All the legislation of the world is contained in 13 words of the Gospel reading for the 2nd Sunday of Luke.

So simple. So easy.

‘As you wish that others would do to you, do so to them’.

We pass thousands of laws with articles and provisions that have no meaning at all and that lead to lawlessness. You couldn’t make up what’s happening: we have thousands of laws and an absence of the rule of law.

Yet Christ managed to condense all the laws into one. It’s the golden rule for the life of society, especially these days when there’s so much crime and lawlessness.

Do we want to be loved? Show love.

Do we want to be treated fairly? Treat fairly.

Do we want people to be honorable? Be honorable.

What Christ tells us is that wherever we find ourselves (in authority, with wealth, with power, or just as ordinary people), we should apply the above rule if we’re to have a proper and peaceful life here on earth.

Christ goes on to set out the importance of love: ‘If you love those who love you, what credit is that to you? For even sinners love those who love them. And if you do good to those who do good to you, what credit is that to you? For even sinners do the same. And if you lend to those from whom you hope to receive, what credit is that to you? Even sinners lend to sinners, to receive as much again. But love your enemies, and do good, and lend, expecting nothing in return; and your reward will be great’.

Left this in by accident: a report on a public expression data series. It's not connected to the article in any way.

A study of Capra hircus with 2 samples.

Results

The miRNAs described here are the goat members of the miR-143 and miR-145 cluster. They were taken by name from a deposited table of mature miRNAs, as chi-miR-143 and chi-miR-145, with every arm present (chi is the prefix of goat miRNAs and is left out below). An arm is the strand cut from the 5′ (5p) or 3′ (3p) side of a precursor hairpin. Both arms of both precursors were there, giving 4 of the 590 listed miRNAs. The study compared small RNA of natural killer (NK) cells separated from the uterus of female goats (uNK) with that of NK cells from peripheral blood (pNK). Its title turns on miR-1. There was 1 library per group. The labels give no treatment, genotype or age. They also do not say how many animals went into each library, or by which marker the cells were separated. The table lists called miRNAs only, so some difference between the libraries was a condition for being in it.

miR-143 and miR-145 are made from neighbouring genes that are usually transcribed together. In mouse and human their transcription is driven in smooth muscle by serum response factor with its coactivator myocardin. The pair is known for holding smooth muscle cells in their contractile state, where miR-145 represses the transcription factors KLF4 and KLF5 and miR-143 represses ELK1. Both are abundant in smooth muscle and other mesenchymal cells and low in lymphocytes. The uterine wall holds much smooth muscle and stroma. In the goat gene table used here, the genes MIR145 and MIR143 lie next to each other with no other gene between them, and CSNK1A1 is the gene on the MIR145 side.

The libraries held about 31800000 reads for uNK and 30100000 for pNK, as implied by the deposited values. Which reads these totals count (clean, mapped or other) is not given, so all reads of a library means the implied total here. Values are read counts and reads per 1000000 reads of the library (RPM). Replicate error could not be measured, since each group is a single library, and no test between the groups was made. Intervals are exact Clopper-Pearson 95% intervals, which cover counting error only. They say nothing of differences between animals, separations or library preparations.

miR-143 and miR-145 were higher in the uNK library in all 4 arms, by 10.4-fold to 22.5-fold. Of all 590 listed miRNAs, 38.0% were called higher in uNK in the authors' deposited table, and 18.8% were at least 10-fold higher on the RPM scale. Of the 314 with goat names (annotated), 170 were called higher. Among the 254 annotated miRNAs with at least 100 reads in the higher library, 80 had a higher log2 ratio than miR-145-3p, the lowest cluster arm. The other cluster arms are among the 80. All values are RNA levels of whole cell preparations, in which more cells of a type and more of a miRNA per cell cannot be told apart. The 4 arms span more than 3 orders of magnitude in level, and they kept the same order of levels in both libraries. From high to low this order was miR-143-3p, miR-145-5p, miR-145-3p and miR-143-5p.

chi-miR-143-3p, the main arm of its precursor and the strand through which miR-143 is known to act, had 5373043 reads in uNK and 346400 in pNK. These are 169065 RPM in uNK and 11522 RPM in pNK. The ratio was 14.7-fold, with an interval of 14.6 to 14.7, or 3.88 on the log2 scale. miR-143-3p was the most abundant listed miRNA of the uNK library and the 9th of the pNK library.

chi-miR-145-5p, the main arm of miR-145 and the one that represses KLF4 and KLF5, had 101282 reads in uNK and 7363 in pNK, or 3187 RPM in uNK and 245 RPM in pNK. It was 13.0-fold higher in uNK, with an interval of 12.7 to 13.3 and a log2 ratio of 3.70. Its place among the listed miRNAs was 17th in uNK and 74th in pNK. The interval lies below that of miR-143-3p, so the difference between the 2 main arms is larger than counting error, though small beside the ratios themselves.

Christ tries to give his disciples the definition of love. He calls upon them to love everyone impartially, and to look upon them as brothers and sisters. He tries to show them how to love as God does: everybody, without exception. God was even crucified because of his love.

He addresses the same challenge to each of us today.

We’re called upon to love all other people without reservation, no matter who they are.

In a world where the prevailing outlook is to love only those who love us, not to show any love towards our enemies but to wish them ill and to love those who are of assistance to us a little more, Christ lays a new basis for love.

We must love everyone, not only those who benefit us, and this love must extend as far as the cross. Both of these are very difficult in a society where the pervasive feeling is to do harm to anybody who doesn’t help you.

‘Love your enemies, and do good, and lend’, is the Lord’s message for our life. Those who really love do good things without expecting any recompense from anyone. That’s the rule for those of us who are in the Church.

Do you know what will judge our love: if we have an enemy and never love them as long as we live. If that’s the case, we’re unworthy of the name of God’s children nor do we deserve the Kingdom of God.

In conclusion, Christ gives us two pieces of advice in this passage. The first is: ‘As you wish that others would do to you, do so to them’; and the second is to love, being prepared to go to the cross for the person you love. But love is manifested through our actions. We should help people from whom we expect no return; though we may from God.